Skipping your dental appointment, bad for your health and wallet


Skipping your dental appointment, bad for your health and wallet

Show of hands: Who doesn’t want a straight, white smile and fresh breath?

But dental care is about a lot more than that — and skimping on it can hurt both your overall health and your wallet.

Regular dental care is key in maintaining overall health. Routine visits to the dentist can help detect oral health problems early when treatment is likely simpler and more affordable. The Mayo Clinic says good dental care also can help detect or prevent common but serious health conditions, including diabetes, heart disease, osteoporosis and premature birth.

“Your oral health can affect your overall health in surprising ways,” says Jill Purcell, dental product manager for employee benefits provider Unum. “Regular dental visits are essential to keeping up with and preventing problems.”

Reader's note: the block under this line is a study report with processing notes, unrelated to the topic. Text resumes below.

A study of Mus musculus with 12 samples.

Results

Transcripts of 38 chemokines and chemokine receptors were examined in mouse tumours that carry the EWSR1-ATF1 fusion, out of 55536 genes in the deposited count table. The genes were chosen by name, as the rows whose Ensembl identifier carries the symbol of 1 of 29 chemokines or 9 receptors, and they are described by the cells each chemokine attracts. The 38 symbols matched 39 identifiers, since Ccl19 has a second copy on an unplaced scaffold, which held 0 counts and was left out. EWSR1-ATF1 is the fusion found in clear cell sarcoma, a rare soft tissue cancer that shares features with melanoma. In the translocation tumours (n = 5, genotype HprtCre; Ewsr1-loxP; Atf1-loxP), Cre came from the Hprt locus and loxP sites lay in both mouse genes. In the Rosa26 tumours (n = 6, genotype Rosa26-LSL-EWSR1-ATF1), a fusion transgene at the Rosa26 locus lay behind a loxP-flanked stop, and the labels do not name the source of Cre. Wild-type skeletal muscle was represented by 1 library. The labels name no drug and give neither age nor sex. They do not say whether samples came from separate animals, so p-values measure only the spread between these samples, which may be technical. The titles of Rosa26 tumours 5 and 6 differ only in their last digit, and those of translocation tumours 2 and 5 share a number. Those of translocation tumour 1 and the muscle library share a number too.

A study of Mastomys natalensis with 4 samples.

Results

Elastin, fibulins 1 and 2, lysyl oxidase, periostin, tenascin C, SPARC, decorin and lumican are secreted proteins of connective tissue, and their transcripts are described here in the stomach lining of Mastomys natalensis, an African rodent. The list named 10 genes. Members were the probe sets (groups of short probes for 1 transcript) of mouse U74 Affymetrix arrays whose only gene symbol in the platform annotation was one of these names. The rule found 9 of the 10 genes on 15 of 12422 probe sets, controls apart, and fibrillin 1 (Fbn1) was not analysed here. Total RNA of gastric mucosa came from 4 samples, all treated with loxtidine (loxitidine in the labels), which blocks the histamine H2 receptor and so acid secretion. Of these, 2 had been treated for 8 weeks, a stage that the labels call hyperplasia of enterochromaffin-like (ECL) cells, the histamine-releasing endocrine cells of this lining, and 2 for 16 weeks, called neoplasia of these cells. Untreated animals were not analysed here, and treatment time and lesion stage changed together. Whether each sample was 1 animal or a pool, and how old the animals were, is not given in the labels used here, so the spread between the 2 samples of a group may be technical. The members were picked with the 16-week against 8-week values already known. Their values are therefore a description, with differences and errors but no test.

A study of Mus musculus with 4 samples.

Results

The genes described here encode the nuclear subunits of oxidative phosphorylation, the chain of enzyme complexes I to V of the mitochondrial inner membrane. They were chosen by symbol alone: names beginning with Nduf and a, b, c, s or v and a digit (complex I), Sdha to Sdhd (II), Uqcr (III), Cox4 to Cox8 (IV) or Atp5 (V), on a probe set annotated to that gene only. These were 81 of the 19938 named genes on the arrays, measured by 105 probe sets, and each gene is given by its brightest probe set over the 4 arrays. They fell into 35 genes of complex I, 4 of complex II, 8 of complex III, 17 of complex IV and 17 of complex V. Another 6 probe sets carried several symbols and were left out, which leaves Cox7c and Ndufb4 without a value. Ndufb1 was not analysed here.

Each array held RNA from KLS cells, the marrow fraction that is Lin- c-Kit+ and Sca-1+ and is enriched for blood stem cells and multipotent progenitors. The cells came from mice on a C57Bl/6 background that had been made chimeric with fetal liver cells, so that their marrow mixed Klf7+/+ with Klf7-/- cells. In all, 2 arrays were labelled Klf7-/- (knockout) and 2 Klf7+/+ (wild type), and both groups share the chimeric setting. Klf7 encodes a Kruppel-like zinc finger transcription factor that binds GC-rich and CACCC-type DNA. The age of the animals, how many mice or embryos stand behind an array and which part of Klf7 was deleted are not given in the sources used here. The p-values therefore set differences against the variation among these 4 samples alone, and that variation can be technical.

Dental insurance is a very popular workplace benefit. In fact, employees say it’s the second most-important health benefit following medical insurance.

Your employer doesn’t offer dental insurance? Ask them to. They may not be aware they can offer this benefit at no cost to the business. It’s true traditional group plans can be too expensive for many smaller employers, but your company could make individual coverage available on a voluntary basis. That gives you access to important protection at an affordable price.

Here’s a bit more motivation: A lack of dental coverage may also be hurting your productivity at work. The Centers for Disease Control report employed adults lose more than 164 million hours of work each year related to oral health problems. If you work in a customer service job, you’re likely to lose 2-4 times more work hours than executives. That could affect your employer’s bottom line — and your own wallet.